IMO’s PSPCs for cargo tanks established a service life of at least 15 years. Ed Martin asks if this target is being met?
Performance standards for protective coatings (PSPCs) are intended to establish requirements for coatings for ballast tanks, cargo oil tanks and void space in order that they have a useful working life of 15 years, ‘useful’ in this context meaning they are able to resist and delay the onset of structural corrosion. A ballast tank PSPC was put in place based on SOLAS Chapter 2 Part A-1 Regulation 3-2 in December 2006, while the cargo oil tanks PSPC was brought into force in May 2010, based on SOLAS Chapter II Part A-1 Regulation 3-11.
Coatings can be intended for application during the build process, or for application during maintenance and repair. They can have a range of chemical compositions, be intended for a specific area of application or for general use, for one application or for application in multiple layers, for application with brush or roller or with conventional air spray, conventional airless spray, and plural component air spray – the degree of granularity is seemingly endless. And in all cases, as ABS states in its tank coating application guidance notes, “a balance between cost, performance and difficulty of maintenance has to be achieved”.
With all the different compositions, purposes, areas and methods of application available for cargo tank coatings, rigorously applied expertise is needed from the class societies like ABS, to ensure that correct procedures are being followed during initial and subsequent applications to maximise effectiveness.
Hence, ABS states: “For a perfectly intact coating applied to a perfectly clean surface with good surface preparation, the expected lifetime […] would probably exceed that of the vessel. It is the deviations from perfection that compromise the coating lifetime.”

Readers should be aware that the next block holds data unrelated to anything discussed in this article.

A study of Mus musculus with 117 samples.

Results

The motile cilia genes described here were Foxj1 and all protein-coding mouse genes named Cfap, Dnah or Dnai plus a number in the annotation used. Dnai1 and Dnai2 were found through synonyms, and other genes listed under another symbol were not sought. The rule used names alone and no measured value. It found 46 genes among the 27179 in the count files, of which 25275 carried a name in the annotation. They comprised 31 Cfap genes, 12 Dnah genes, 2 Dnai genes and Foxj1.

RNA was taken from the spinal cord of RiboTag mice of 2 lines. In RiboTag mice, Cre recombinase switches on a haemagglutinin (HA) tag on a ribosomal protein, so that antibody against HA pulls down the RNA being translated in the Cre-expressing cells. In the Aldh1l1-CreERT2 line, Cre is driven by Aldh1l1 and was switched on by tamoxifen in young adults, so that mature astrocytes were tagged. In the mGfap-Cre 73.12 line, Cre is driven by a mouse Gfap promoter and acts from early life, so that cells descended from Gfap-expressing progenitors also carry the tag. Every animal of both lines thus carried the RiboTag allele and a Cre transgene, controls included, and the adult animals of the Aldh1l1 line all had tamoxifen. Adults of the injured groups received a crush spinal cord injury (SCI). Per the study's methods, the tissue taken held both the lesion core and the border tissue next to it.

Areas where such “deviations from perfection” can be found include coating thickness (coatings that are too thin are prone to porosity, while coatings that are too thick can crack), surface contamination (the presence of substances such as dirt, moisture and chemicals on the surface to be coated) and surface profile (the term for the rough surface created by abrasive blasting, to which coatings anchor themselves).
ABS technical adviser Stein Nilsen said: “Most chemical tankers face little or no corrosion problems inside the coated cargo tanks, as the coating is applied more for cargo care and quality purposes, than a corrosion protection film. Depending on the trade, the type of cargo carried, cleaning procedures and the extent to which operators are following the coating maker’s recommendations, it is not uncommon to find tanks in good condition beyond 15 years.”
Addressing potential risks, Mr Nilsen added: “The SOLAS Regulation II-1/3-11 addresses corrosion protection of cargo oil tanks of crude oil tankers. A combination of inert/flue gas (sulphur oxides, nitrogen oxides), dirty cargo and saltwater cleaning increases the risk of steel corrosion. Extended periods of being empty, in a high humidity chloride-rich atmosphere, further speed up the corrosion process, bringing about the need for additional measures to better protect the steel. As the requirement to have the tanks on oil/product tankers coated is quite recent, the effectiveness of protecting the steel is too premature to fully evaluate.”